Date 21 Feb 2024
Time 5:30 - 6:30 PM (HKT)
Venue Lecture theatre T4, Ming Wah Complex
Speaker Prof. Edmund Chun Ming Tse
Institution Department of Chemistry,
The University of Hong Kong

Self Photos / Files - 20240221_Hybrid Electrochemical Interfaces for Energy CatalysisTitle:

Hybrid Electrochemical Interfaces for Energy Catalysis



Date: 21st February, 2024 (Wednesday)

Time: 5:30 - 6:30 pm (HKT) 


Venue: Lecture Theatre T4, Meng Wah Complex



Prof. Edmund Chun Ming Tse

Department of Chemistry

The University of Hong Kong



Dr. Edmund C. M. Tse is an Assistant Professor in the Department of Chemistry at the University of Hong Kong (HKU). Dr. Edmund Tse received his BSc in Chemistry from the University of Virginia and PhD in Chemistry from the University of Illinois at Urbana-Champaign. Dr. Tse then completed his postdoctoral training at the California Institute of Technology and started his independent career at HKU. The Tse laboratory has contributed to the interdisciplinary fields of interfacial electrocatalysis and bioinorganic chemistry to address United Nation’s pressing sustainable development goals. The Tse group focuses on rationally designing bio-inspired self-assembled systems for upcycling nitrogen-containing toxins and carbon-rich wastes into green fuels and value-added resources, aiming to close the artificial nitrogen cycle and reach carbon neutrality.



Overcoming the activity-selectivity-durability trilemma of electrocatalysis is key to realizing a sustainable society in the future powered by renewable energy sources. However, lowering the overpotential (activation barrier), increasing the activity (turnover frequency), improving the selectivity (product speciation), and enhancing the stability (catalyst robustness) have been difficult to achieve simultaneously despite decades of collective efforts in the field of electrocatalysis. To address these challenges, we adopt an interdisciplinary approach to design bio-inspired electrodes. These hybrid electrochemical interfaces feature non-precious multimetallic active sites to refine binding interactions with substrates and key intermediates. Cocatalysts further regulate proton-coupled electron transfer (PCET) steps that are critical and commonly found in these redox half-reactions, thereby modulating the rate-determining step (RDS) and selectivity-governing step (SGS).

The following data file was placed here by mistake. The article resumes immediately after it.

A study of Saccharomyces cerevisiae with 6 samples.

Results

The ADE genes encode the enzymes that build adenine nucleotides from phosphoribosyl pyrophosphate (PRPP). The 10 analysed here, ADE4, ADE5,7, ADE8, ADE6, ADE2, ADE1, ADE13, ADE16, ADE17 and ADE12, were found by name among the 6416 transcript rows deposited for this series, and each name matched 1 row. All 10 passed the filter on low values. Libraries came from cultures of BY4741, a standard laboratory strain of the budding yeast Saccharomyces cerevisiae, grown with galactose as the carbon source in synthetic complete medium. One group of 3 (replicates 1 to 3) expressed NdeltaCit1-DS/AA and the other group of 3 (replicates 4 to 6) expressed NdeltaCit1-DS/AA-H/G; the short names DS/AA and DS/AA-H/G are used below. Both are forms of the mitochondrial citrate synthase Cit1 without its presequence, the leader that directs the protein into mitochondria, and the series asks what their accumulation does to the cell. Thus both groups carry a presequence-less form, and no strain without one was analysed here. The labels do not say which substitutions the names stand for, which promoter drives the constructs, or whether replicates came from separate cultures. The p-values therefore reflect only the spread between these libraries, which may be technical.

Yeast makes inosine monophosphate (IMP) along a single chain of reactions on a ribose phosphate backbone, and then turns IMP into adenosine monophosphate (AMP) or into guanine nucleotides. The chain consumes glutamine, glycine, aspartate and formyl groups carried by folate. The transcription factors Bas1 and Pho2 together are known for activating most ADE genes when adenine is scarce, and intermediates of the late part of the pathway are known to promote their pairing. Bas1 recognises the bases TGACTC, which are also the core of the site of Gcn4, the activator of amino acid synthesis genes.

In this talk, I will first introduce our work toward achieving exclusive reduction of nitrate into ammonia by synergistic bimetallic layered double hydroxides (LDH). Next, I will discuss our strategy to facilitate O2 reduction through the development of nature-inspired hybrid bilayer membrane technology. Lastly, I will present our progress on devising a programmable 3D laser printing technology to fabricate integrated electrodes with binderless earth-abundant electrocatalysts. Going forward, we aim to take advantage of our hybrid electrochemical interfaces to unravelling key insights on how catalyst microenvironment impacts the performance of bioinorganic electrocatalysts for advanced redox conversion technology.